The Electronic Frontier Foundation (EFF) has questioned Facebook’s decision to not regulate content posted by politicians in a scathing blog post.
As you might recall Facebook said that it would not remove content posted by politicians even if it breaks Facebook’s terms of service.
This decision was seen by many as the real world application of the, “All animals are equal, but some are more equal than others” rule from George Orwell’s Animal Farm.
The EFF takes particular issue with Facebook’s willingness to let politicians do as they please while ordinary folks like you and I have to tow the line.
“As we’ve documented extensively over the years, Facebook regularly makes value judgements about various types of speech, resulting in content removals or account deactivations. These judgements often go well beyond the legality of speech, instead representing what the company and its executives find acceptable. Of course, it’s within the legal rights of a platform to make such determinations, but Facebook shouldn’t pretend that it isn’t an arbiter of political speech,” writes the EFF.
The foundation goes on to say that Facebook’s reasoning for not policing politicians on Facebook – newsworthiness – is not reason to leave content on the platform.
“It certainly is newsworthy when a politician engages in hateful speech, but the newsworthiness goal could be achieved by documenting or denoting the speech that has been penalized rather than simply letting politicians break the rules without comment,” the EFF continues.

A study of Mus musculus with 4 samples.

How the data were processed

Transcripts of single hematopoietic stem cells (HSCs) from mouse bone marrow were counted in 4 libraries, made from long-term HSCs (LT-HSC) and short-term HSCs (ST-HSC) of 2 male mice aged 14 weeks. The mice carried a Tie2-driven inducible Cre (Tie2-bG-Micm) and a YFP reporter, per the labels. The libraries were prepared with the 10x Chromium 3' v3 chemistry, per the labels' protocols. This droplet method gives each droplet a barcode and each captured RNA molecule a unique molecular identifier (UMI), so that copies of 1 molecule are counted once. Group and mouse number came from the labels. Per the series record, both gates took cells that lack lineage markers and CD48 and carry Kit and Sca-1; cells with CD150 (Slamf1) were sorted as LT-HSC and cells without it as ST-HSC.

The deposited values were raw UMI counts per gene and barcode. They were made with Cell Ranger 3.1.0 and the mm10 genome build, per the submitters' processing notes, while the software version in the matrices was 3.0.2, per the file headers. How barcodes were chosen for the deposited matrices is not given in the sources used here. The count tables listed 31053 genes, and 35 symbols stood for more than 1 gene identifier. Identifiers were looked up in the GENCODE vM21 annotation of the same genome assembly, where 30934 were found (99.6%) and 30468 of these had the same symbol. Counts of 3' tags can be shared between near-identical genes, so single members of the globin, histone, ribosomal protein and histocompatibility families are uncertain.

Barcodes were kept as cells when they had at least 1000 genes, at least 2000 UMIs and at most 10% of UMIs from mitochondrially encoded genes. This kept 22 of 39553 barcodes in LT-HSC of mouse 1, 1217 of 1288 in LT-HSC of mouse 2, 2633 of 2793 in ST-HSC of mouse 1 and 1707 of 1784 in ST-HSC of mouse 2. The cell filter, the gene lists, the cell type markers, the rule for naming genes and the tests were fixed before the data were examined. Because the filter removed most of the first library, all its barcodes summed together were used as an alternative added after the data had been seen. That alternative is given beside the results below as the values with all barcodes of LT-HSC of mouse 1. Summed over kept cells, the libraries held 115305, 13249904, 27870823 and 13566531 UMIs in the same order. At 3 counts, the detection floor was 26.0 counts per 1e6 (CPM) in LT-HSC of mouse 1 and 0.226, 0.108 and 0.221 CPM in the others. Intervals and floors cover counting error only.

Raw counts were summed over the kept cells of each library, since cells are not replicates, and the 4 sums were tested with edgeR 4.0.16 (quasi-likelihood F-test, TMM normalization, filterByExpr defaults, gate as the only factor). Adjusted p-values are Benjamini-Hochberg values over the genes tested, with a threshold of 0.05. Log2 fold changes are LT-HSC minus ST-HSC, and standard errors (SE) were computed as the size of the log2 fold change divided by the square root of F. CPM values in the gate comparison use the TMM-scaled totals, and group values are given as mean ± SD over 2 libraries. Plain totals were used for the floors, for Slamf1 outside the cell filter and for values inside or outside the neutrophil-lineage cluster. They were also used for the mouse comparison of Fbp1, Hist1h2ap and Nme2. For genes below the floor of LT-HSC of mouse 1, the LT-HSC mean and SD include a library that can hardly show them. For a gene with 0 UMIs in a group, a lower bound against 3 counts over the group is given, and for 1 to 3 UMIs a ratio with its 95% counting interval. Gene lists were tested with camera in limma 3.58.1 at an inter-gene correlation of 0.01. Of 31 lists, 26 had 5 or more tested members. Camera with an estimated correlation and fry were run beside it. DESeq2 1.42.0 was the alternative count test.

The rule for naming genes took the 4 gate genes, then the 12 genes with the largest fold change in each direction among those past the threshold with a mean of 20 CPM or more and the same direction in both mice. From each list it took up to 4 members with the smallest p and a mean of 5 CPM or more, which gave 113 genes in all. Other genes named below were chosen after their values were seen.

Instead, the EFF argues that Facebook should put tools in place that lets folks analyse a politician’s career and highlight harmful comments that have been made in the past.
Facebook has said that it will refute content that is shared which has previously been debunked but as we eluded to when the news broke, Facebook can’t guarantee that new statements are accompanied by facts provided by independent fact checkers.
The EFF says that the move to not censor politicians is simply Facebook bowing to the political pressure being exerted against it. Many US politicians accused Facebook, Twitter and even Google of anti-conservative bias and the EFF says that Facebook has finally bowed to the pressure.
“If your rules are inappropriate to apply to politicians, why are they appropriate to apply to the rest of us? Creating exemptions from the rules for people who are already powerful is simply a practical concession, one that will continue to harm the least powerful people in society. It makes us wonder what Facebook’s rules might look like if they considered all of their users’ concerns as important as those of aggrieved politicians who want to publish disinformation and hate,” the foundation concludes.
You can read the full blog over on the EFF website, here.